By Michael Russo
Come to think of it, why does it only say, “Slow down cowboy?” This should be an equal-opportunity blog.
The powers-that-be at the Strib are aware of this “Slow Down Cowboy” stuff. It’s a bug when too many people are commenting at the same time apparently.
I’d fix it if I could, but I’m technically inept. I jump for joy when I turn my laptop on successfully.
Good afternoon from beautiful Calgary. I’m in the air for a few hours and all hell breaks loose around the NHL.
First, John Ferguson receives his much-anticipated walking papers from Toronto. It’s announced Sidney Crosby is out six to eight weeks with a sprained ankle. And there’s more Olli Jokinen trade rumors out of Florida.
And, it wouldn’t be a Calgary-Denver trip without Niklas Backstrom suffering a groin injury. He sat out this morning’s extremely optional skate with a sore groin, but he’ll back up Josh Harding tonight against the Flames. Backstrom, who often has groin problems in Calgary and Denver it seems, stayed off the ice to rest. He was running around the arena, so clearly this is not a big issue.
He was sliding from one side of the crease to the other last night, so he’s got reason to be sore. If you saw the game, how about that one sequence where he made three saves in a row, including a miraculous glove stop on Taylor Pyatt?
Very few Wild players were at the rink this morning. Even Pierre-Marc Bouchard, who never takes an optional, stayed back at the hotel. So did Jacques Lemaire for that matter.
Owen Nolan, who hurt his neck in the Aaron Voros fight last week, will return to Calgary’s lineup tonight. So will bruising blue-liner Rhett Warrener, who will replace injured Anders Eriksson.
Mike Keenan was very impressed with the Wild’s game last night, especially the energy the team showed for 60 minutes. He said he knows why the Wild is 7-1-1 in the second of back-to-backs. They’re already “in game-mode,” he said, which means Calgary better be ready tonight, he added.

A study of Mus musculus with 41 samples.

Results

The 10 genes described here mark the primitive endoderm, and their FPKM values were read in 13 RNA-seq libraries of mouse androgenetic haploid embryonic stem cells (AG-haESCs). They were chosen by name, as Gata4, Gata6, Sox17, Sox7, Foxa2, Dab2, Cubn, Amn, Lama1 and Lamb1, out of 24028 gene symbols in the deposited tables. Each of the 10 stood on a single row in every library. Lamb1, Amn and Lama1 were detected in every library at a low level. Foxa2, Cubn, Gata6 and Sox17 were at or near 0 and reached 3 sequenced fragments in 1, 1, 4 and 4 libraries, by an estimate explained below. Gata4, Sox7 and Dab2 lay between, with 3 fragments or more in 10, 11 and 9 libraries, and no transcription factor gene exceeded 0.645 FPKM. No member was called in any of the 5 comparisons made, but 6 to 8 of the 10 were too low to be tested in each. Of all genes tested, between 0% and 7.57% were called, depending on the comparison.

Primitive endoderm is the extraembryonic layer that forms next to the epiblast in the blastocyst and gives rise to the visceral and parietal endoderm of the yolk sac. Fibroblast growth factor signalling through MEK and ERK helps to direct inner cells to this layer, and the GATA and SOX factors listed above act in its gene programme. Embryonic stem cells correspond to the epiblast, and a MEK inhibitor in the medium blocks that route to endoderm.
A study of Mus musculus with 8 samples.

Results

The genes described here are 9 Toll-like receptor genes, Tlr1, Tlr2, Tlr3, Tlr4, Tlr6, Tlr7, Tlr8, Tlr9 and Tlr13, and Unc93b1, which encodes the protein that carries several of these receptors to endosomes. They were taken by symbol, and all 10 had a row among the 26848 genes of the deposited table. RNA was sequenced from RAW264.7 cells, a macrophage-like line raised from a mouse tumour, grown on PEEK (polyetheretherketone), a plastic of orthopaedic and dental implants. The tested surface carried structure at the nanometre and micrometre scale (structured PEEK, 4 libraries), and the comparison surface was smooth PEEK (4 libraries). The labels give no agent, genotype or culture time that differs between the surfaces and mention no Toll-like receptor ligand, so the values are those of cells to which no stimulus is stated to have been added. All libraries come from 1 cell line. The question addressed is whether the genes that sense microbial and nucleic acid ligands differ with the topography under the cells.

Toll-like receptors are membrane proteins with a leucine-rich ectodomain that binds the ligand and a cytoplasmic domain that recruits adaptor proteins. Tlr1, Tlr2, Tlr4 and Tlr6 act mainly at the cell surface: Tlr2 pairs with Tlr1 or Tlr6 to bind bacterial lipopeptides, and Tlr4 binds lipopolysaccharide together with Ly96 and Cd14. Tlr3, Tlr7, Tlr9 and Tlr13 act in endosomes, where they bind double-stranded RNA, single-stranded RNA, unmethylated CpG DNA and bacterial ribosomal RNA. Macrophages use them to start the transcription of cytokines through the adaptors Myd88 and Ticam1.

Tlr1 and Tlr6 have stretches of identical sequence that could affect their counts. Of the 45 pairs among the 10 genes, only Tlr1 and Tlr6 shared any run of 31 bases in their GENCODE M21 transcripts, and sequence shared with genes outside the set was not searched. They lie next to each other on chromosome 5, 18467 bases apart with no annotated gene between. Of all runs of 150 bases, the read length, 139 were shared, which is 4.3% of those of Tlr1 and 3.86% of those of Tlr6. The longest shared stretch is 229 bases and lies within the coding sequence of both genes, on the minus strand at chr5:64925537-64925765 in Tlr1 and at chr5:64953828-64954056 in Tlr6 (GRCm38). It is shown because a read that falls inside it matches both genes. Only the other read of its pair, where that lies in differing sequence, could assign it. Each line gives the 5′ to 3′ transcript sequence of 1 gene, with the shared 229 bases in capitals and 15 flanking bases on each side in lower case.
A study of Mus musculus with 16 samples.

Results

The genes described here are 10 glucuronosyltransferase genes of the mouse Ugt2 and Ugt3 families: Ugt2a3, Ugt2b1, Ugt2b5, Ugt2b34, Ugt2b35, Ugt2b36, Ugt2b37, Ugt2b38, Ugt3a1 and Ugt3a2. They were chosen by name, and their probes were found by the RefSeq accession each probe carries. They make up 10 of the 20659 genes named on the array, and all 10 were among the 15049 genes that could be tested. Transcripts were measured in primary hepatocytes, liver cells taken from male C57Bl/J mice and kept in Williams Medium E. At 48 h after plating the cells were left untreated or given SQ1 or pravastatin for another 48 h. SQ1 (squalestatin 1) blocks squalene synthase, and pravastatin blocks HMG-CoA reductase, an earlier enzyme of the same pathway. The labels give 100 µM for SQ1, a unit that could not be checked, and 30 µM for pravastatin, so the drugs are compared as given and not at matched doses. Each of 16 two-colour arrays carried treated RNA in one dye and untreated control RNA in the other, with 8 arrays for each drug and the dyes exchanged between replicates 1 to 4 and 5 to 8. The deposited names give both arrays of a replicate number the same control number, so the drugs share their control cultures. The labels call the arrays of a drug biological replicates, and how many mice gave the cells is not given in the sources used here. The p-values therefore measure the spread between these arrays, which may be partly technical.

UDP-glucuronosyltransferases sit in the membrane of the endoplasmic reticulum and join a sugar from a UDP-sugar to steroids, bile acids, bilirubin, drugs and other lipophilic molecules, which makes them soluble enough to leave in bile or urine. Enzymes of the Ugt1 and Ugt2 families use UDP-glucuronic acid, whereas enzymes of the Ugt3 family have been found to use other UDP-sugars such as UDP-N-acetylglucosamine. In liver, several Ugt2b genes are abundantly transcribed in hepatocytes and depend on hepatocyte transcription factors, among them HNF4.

It’s amazing how much better Mike and I get along now that we’re not dealing with each other on an everyday basis.
I’ll be doing a lot of follow material from last night’s game for my notebook tomorrow. The most interesting thing? Brian Rolston told me that he, Marian Gaborik, Pavol Demitra and Pierre-Marc Bouchard, who all received minimal ice time the other night against Anaheim, met yesterday morning with Jacques Lemaire. They begged for more leeway (i.e. ice time) and Lemaire vowed to stick with them against Vancouver.
They all got substantial minutes, all played well and the Wild won 4-2. Rolston says if Lemaire continues to trust the four of them, the Wild is capable to play that way every night.
Unfortunately, I didn’t get to talk to Lemaire about this meeting because he wasn’t at the rink this morning.
I was told by a pretty good source that Wild GM Doug Risebrough has been working the phones a lot lately and has been talking to Florida casually. Risebrough’s not with the Wild right now. But that’s why these Olli Jokinen rumors intrigue me.
Also, Duane Sutter, the Panthers’s director of player development and my favorite player growing up, is on the Minnesota Wild tour right now. He was in Vancouver last night and told me he’d be in Calgary tonight.
Obviously, if Jokinen is up for grabs, several teams would have interest and it would take a heckuva lot to unleash the captain.
Panthers owner Alan Cohen doesn’t want to trade Jokinen, but there’s clearly issues between Jokinen and coach/GM Jacques Martin. It was reported over the weekend that Jokinen has asked to be traded. He completely denies that, although his agent told the South Florida Sun-Sentinel’s Steve Gorten (my successor) that “we don’t want out, but if you want to trade us, we’re not going to make a big deal out of it.”
Steve wrote a good story today on this subject and a strongly-opinioned blog, so I direct you to sun-sentinel.com/sports.
I’ve got to tell you, if I were Risebrough, I’d be in constant contact with Jacques Martin. I know Olli Jokinen very well and have tons of respect for him. This guy turned himself from one of the biggest first-round busts in recent history into a bona fide star, thanks in large part to the tutelage he got from Mike Keenan (I talked to Keenan a little about this and will add quotes soon).
He’s a competitor, wants to win, can score at will, plays injured, is physical and is a great team guy. But that’s just my opinion. I could be wrong.